Covid cases are still rising across the UK, with infection levels now at the highest estimate since late April.
A total of 2.7 million people in the UK are estimated to have had the virus in the week up to 1 July, new figures from the Office for National Statistics (ONS) show, which is up 18% from 2.3 million the previous week.
Infections are still below the record high of 4.9 million, which was reached at the end of March during the BA.2 Omicron wave, but two newer Covid variants are continuing to drive cases.
Together, the BA.4 and BA.5 variants now make up more than half of new cases in England and have become dominant in the UK.
They have been classified as “variants of concern” by the UK Health Security Agency (UKHSA) and analysis has found that both strains were likely to have a “growth advantage” over BA.2.
They also have a degree of “immune escape”, meaning the immune system can no longer recognise or fight a virus.
There is “currently no evidence” that BA.4 and BA.5 lead to more serious disease than previous variants, but they can cause slightly different symptoms - including one that appears during the night.
What symptoms can BA.4 and BA.5 cause?
Covid symptoms have become a lot more varied since the virus broke out more than two years ago, making infection harder to spot.
The ZOE Covid Study app, launched in March 2020, has helped to keep track of common symptoms as users regularly report on their health, with researchers identifying a runny nose, headache, a sore throat, persistent cough and fatigue as the most common signs.
However, it appears that a new, more unusual symptom of the BA.5 variant is emerging.
Professor Luke O’Neill, a Trinity College immunologist, has said the now dominant variant in Ireland can cause a slightly different symptom than its predecessors and will affect people during the night.
Speaking on The Pat Kenny Show, Prof O’Neill said some people infected with BA.5 have reported suffering from night sweats.
Night sweats are when you sweat so much that your night clothes and bedding are left soaking wet, even though where you are sleeping is cool.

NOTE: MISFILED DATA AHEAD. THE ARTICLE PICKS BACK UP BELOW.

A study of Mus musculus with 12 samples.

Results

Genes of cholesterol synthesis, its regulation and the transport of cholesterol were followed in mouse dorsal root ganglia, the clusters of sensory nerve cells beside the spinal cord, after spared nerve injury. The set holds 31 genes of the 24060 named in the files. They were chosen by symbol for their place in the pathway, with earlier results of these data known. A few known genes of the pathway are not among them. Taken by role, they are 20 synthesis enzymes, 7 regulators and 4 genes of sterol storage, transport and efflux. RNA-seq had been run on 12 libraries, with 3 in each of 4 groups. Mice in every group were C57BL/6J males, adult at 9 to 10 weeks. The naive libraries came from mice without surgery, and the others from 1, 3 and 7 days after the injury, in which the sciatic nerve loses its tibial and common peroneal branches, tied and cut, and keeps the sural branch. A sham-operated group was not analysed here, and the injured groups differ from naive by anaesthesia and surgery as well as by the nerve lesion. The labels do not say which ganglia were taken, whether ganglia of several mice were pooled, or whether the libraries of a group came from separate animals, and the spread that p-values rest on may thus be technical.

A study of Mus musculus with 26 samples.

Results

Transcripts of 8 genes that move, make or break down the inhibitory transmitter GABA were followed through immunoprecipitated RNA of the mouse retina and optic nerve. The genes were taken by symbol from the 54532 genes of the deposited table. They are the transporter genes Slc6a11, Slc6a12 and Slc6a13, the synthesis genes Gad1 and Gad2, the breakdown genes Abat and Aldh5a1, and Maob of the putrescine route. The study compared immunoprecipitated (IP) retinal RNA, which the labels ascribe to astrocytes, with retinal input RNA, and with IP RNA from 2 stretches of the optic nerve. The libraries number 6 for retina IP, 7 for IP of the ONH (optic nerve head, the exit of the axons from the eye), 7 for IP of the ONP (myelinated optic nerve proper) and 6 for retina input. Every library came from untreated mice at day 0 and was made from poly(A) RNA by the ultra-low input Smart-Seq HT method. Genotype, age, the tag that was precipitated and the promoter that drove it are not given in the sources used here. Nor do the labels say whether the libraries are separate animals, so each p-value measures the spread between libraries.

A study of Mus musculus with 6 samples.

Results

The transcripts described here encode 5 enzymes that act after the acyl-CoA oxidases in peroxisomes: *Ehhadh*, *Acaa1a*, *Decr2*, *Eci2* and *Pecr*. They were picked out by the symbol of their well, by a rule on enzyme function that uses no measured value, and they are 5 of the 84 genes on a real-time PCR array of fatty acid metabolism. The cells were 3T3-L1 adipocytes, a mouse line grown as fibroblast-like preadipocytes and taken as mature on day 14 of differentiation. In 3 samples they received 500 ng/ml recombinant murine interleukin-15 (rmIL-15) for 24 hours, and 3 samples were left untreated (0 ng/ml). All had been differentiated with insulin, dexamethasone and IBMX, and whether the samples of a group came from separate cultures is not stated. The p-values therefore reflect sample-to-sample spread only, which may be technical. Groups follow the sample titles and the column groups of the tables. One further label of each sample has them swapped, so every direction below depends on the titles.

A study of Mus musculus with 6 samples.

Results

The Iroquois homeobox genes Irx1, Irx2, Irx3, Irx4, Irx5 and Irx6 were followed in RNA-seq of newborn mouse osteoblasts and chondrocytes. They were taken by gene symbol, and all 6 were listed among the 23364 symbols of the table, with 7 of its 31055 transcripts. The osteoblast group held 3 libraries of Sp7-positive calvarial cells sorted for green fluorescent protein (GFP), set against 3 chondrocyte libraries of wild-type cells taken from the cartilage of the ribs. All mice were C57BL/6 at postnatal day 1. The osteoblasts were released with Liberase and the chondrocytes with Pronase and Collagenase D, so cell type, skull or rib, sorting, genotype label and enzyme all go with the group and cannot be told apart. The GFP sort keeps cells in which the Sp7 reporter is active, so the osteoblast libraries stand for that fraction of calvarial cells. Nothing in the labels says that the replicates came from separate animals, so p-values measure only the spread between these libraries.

He told the show: “Most cases in Ireland at the moment would be BA.5, for instance, same in the US.
"It’s another curveball that has been thrown at us by this virus, and BA.5 is the dominant variant that’s out there at the moment.
"One extra symptom for BA.5 I saw this morning is night sweats. The disease is slightly different because the virus has changed.
"There is some immunity to it, with the T cells and so on. And that mix of your immune system and the virus being slightly different might give rise to a slightly different disease - with strangely enough - night sweats being a feature.
"But very importantly if you’re vaccinated and you’re boosted, it doesn’t progress into severe disease".
Members of the public have been advised to “go about their normal lives” but in a “precautionary way”, with health experts highlighting handwashing, keeping distance where possible and wearing a face covering in enclosed, poorly ventilated places as measures to help reduce the risk of spreading infection.
People are also urged to stay at home and avoid contact with others if they experience any Covid symptoms or feel unwell.
Will there be another vaccine rollout?
People aged 65 and over will be offered a booster vaccine, alongside frontline health and social care workers, this autumn, and there is a suggestion that everyone over the age of 50 could also be included in the programme.
Around one in six people aged 75 and over in England (16%) have not received any doses of Covid vaccine in the past six months, putting them more at risk of severe disease which could put increasing pressure on hospitals in the coming months.
Prof O’Neill said he believes new versions of the Covid vaccines will be available in time for winter and encouraged people who are yet to get vaccinated to come forward.
He said: “Both Pfizer and Moderna have said they’ll have an Omicron vaccine by September, and they’ll have a BA.4/5 by October.
"So when we get to that point, it would make sense to start using those newer ones. But... the current one is still giving good protection anyway.
"Like the flu, you’ll change the vaccine based on the variant that’s around at the time".
He added: "Remember the ones who are getting sickest are unvaccinated, or haven’t had the booster.
"Hence the message: get the booster because it will give you this added protection.”